Thomas Cook Collapse: Group's India Chairman Says "matter Local To UK"


Written By Nisha Qureshi | Mumbai | Updated On:
Thomas Cook

In the aftermath of the chaos around Britain's oldest travel group Thomas Cook's collapse in the UK, on Monday, September 23, the Chairman and MD of Thomas Cook India, Madhavan Menon, spoke to ANI confirming the reports. However, Madhvan Menon reassured the media that this shutdown won’t affect Thomas Cook India. He was quoted saying, "There are 2 companies, UK based Thomas Cook Plc & Thomas Cook India. Former stopped owning shares in Thomas Cook India in 2012. We've no relation, our balance sheet is independent&sound. What has happened in UK is localized to UK”.

Thomas Cook shutdown 

The shutdown of the global travel firm was confirmed after the CEO of Thomas Cook group Peter Fankhauser told the media that

“It was a matter of profound regret that the company had gone out of business after it failed to secure a rescue package from its lenders in frantic talks that went through the weekend in a statement.” The  UK’s Civil Aviation Ministry also said: “Thomas Cook has confirmed that all the UK companies in its group have ceased trading, including Thomas Cook Airlines.”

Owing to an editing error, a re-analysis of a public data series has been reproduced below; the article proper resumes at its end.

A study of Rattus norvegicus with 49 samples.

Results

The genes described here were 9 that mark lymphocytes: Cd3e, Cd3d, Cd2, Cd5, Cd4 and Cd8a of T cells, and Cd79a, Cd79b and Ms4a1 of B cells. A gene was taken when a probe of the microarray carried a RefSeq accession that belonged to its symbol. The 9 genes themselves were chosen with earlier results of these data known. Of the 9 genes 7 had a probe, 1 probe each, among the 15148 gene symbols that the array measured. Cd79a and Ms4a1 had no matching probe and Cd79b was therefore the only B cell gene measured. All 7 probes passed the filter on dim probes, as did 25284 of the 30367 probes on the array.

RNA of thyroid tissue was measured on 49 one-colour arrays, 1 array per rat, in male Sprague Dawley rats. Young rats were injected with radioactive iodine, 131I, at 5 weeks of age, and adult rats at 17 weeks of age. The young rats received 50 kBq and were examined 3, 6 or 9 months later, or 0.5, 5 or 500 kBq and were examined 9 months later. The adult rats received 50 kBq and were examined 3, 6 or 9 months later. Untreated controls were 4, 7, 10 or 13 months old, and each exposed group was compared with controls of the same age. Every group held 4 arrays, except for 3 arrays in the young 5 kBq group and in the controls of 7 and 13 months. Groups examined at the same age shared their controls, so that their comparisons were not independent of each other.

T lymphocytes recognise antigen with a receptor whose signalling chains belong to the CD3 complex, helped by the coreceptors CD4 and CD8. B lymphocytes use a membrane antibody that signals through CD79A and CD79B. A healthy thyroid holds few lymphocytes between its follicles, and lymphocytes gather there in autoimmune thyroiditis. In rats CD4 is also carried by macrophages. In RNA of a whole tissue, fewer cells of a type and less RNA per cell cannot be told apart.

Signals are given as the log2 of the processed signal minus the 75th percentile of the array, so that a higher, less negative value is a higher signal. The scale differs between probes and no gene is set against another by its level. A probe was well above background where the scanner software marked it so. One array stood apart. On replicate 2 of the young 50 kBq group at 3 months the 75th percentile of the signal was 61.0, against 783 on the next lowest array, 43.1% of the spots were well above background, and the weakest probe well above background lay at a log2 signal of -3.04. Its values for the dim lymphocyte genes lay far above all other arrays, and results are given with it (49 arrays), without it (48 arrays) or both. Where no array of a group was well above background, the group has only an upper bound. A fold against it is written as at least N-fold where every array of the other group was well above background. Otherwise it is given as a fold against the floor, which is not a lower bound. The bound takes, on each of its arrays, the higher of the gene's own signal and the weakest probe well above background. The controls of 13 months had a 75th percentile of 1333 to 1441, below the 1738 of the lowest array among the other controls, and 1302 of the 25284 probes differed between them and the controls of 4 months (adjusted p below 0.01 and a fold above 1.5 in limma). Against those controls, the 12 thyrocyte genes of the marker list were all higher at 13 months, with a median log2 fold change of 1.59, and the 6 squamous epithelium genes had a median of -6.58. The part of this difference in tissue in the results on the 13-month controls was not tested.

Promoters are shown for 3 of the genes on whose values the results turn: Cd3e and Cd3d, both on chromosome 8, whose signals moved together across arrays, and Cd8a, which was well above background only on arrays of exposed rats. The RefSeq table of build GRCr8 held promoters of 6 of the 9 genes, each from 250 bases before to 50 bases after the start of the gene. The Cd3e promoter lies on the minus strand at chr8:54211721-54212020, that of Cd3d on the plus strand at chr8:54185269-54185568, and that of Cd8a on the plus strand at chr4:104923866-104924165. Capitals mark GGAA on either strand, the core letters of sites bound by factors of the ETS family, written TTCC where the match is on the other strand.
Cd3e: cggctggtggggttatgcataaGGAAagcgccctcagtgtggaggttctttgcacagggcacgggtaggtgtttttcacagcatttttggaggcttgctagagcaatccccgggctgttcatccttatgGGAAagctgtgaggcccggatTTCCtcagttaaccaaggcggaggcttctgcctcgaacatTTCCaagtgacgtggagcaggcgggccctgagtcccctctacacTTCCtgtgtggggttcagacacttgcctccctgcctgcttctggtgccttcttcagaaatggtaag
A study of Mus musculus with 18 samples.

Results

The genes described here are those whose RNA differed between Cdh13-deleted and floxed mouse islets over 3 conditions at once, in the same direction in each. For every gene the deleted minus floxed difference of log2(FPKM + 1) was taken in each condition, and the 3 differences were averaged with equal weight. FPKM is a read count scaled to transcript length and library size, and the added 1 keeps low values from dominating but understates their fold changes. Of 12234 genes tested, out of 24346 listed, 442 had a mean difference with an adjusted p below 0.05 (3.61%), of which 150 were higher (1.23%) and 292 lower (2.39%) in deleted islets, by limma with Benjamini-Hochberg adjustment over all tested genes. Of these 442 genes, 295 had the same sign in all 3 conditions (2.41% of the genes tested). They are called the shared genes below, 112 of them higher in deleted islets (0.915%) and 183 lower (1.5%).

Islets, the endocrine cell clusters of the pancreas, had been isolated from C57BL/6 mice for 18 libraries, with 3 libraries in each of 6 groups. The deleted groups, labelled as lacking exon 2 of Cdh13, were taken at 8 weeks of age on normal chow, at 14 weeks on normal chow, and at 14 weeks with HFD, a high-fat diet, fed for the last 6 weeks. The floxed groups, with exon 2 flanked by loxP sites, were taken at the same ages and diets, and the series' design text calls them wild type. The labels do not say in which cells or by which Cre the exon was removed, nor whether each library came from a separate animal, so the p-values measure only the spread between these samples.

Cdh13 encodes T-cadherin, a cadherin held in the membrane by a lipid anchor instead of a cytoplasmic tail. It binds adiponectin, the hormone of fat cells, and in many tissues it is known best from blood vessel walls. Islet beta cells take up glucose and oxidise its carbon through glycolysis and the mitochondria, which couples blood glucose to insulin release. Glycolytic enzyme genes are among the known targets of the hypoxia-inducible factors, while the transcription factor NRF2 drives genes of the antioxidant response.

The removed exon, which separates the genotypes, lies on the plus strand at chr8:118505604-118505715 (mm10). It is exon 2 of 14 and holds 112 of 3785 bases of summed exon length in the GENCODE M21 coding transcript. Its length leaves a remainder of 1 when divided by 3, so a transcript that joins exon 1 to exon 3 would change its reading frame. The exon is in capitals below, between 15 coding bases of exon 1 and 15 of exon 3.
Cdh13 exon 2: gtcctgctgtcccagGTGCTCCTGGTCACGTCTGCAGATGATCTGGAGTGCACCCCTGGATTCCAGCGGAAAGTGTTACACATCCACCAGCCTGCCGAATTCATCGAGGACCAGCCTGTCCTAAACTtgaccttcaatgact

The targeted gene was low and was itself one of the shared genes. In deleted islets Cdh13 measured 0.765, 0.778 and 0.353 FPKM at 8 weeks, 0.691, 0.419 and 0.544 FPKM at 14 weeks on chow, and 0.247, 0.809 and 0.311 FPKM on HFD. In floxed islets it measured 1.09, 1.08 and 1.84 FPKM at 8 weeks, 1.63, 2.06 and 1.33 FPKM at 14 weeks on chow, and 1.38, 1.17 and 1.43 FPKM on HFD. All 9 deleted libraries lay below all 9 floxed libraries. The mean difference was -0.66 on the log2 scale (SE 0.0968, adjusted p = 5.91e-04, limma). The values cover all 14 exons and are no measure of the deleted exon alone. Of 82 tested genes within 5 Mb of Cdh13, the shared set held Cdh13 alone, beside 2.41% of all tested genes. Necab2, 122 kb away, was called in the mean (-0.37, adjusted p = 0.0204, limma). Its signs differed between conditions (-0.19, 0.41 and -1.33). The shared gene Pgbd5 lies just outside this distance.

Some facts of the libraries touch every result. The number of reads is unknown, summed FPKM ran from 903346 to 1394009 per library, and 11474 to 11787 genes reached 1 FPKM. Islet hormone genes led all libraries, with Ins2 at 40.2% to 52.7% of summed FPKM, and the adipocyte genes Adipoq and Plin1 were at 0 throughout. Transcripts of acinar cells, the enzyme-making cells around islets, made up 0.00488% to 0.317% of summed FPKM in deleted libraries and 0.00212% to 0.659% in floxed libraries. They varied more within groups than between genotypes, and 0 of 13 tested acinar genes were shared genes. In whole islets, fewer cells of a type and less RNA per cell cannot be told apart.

More than 50,000 passengers of the Airline are reportedly stranded at various Airports. Many employees of the company are also worried about their future. According to reports, the UK Government is now preparing ways to help the stranded passengers. The Thomas Cook Group was formed in June 2007 by the merger of Thomas Cook AG and My Travel Group. The liquidation of the company marks the end of one of Britain's oldest companies that started life in 1841. 


Thomas Cook reportedly secured a rescue deal led by its largest shareholder in August. Following a demand from its banks to raise a further £200m in contingency funding, leaving the deal unfinished.